Fokker D VII Fighter
I bought this little kit when I was in the middle of a bunch of other things. It appealed to me for two reason: 1) Price, only $5, and 2) The cool paint job on the boxtop. I know, I know ...
Before I started to build this Revell-Germany 1/72 scale Fokker D VII (kit no. 04177) I made myself some promises:
I would only use the paints I had on hand - no adding to my already extensive stash.
I would not buy any aftermarket decals, photoetch or resin detail sets. My experience to date has been that you can spend as much - or more - on the aftermarket stuff as you do on the model, which seemed silly with something this tiny and cheap.
I would limit myself to basic detailing. Thankfully, the D VII has only a minimal amount of rigging, but after doing even this little bit, I have no idea how the WW I model plane buffs keep their sanity.
I was going to have FUN!
Rather than doing a mass of research, I decided to do my Fokker as it was on the box art, painted in the colors of Hauptman Rudolph Berthold (44 victories), commander of Jasta II in 1918. Besides, I already had spray cans of flat red, white and blue on hand.
Berthold was an interesting guy. He joined the German infantry in 1912 and by 1913 had learned to fly. By 1916 he was in single-seat fighters. He crashed or was shot down a number of times, seriously wounded more than once, and earned a reputation for returning to duty before he was fully healed. I chose to model the D VII biplane that was his final airplane during World War I. His last action was on August 10, 1918, when he shot down two British DH-4 biplanes. Unfortunately he collided with one of his victims and his distinctive red and blue Fokker crashed into a house as he tried to make an emergency landing. He survived the war, only to be killed by a rioting German mob in 1920.
The little airplane went together quickly - there are only about 30 parts - and I concentrated on trying to fill and sand down seams, align parts and get everything squared up as opposed to lopsided looking. Quite the challenge to me, because I tend to get impatient and get ahead of myself, which in modeling can lead to anything from really stupid mistakes to total disasters. Only by taking my time was I able to get the top and bottom biplane wings to line up with the struts.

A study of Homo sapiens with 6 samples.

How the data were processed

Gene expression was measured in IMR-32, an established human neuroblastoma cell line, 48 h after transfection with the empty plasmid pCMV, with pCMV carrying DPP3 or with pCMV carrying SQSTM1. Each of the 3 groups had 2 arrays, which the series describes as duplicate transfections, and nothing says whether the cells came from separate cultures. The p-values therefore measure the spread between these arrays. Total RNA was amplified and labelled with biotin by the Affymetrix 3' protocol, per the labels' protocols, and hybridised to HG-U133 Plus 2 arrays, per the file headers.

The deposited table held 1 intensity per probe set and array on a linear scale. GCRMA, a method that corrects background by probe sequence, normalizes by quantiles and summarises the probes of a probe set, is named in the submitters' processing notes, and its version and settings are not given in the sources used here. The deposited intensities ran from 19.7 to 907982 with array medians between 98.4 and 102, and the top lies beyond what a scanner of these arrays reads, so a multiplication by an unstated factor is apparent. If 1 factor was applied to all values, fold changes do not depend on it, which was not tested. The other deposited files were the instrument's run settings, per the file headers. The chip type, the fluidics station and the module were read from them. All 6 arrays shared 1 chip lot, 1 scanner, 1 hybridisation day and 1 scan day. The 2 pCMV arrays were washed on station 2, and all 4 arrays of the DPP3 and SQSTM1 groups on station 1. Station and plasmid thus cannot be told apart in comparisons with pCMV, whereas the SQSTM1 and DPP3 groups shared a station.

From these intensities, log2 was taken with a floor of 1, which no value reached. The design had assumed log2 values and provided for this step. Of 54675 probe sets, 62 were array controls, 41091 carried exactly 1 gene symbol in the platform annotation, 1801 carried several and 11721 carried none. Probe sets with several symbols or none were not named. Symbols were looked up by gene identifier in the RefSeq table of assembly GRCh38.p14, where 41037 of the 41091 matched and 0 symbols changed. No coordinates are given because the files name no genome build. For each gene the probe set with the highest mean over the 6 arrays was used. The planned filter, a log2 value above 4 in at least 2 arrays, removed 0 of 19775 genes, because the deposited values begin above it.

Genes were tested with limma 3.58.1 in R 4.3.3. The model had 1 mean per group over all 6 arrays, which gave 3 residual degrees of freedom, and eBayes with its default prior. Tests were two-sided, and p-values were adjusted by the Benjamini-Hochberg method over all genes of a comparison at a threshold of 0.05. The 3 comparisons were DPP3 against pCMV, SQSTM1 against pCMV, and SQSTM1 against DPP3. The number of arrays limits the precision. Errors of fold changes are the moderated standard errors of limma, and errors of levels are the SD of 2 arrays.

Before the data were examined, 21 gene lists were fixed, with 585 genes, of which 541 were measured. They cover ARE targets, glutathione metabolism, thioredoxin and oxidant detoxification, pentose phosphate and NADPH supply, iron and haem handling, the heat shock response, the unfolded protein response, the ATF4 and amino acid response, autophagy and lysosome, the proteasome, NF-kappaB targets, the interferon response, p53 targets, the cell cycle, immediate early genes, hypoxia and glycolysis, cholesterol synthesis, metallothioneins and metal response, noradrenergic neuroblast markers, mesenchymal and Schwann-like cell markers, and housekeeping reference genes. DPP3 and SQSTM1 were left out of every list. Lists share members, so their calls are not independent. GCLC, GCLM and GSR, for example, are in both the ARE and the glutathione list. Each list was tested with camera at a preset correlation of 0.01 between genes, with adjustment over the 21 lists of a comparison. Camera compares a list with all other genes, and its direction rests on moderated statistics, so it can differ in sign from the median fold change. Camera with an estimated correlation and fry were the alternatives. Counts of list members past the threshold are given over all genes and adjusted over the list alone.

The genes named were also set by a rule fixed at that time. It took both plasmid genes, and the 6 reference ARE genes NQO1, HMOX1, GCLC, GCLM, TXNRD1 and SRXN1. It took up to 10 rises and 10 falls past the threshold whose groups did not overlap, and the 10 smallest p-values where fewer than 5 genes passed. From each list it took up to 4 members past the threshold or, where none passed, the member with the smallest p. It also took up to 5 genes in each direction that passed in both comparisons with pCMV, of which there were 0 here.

I did indulge in a little detailing: I drilled out the cooling vents in the machine gun covers with my No. 80 drill bit, drilled out the exhaust pipe, added the fuel filler pipe and brass cap to the left side of the engine cover, and did a little light rusting of the exhaust pipe and engine rocker arms. The pilot figure was a challenge in and of itself. I decided to simulate the glass in his goggles with tiny drops of Future floor polish, which gave a glass-like sheen but allowed the color underneath to show through. As the pictures below show, it turned out pretty well.
|An overall view of the finished model on the grass aerodrome, all ready for the next dogfight.||Front view of the completed model.|
|Here you can see the pilot, and the rigging wires for the undercarriage.||I did drop the ailerons to make things more interesting, plus, that matched photos I found of D VIIs on the ground.|
|Close-up of the radiator and propeller. I painted the propeller Model Master Wood, let it dry, then dry brushed it with Model Master Dark Tan to give a woodgrained effect. A coat of Future floor polish made it look, to me, like polished hardwood. The radiator grill was painted with thinned flat black acrylic paint.||Right side view, showing the distinctive white winged marking.|
|About the only detailing I did, adding the control horns and wires, which are bits of styrene strip and stretched sprue. The upper national insignia decals were a challenge, since they were split by the ailerons. I ended up taping the parts together, holding the cut out decal in place and lightly marking where to cut it apart. Then it was just a matter of lining up the two bits.||Detailing of the rudder and stabilizers, with stretched sprue guy wires and control wires, colored with a permanent black Sharpie marker. I did not get all of the shapes for the control horns absolutely correct, as you can see here. But at this scale, from more than a foot away, who can tell?|
|I do think this needs another figure it in, to add some more life to the display. Gotta love those WW I paint jobs, though!||I used railroad static grass to make the turf base. A clear plastic display case from Academy/Minicraft tops things off and will protect the model from the dreaded dust bunnies.|
The one glaring omission for this model is the lozenge camouflage on all the underwing surfaces. The kit included decals with the black outlines of this complicated four-color scheme, but that would have meant hand painting something like 200 little blobs, with colors I did not have and did not want to mix, so ... executive decision time. No one was ever going to see the underside, so I bagged that step!
Overall this was a fun little project, and a nice change of pace from combat ships and larger airplanes. Putting it next to my B-25B makes you realize how fast technology changed in such a short time - nothing like global war to push the frontiers of technology ahead, I guess.
Would I ever do another WW I airplane, one with lots of guy wires and struts and such? Wellllllllllll ... maybe!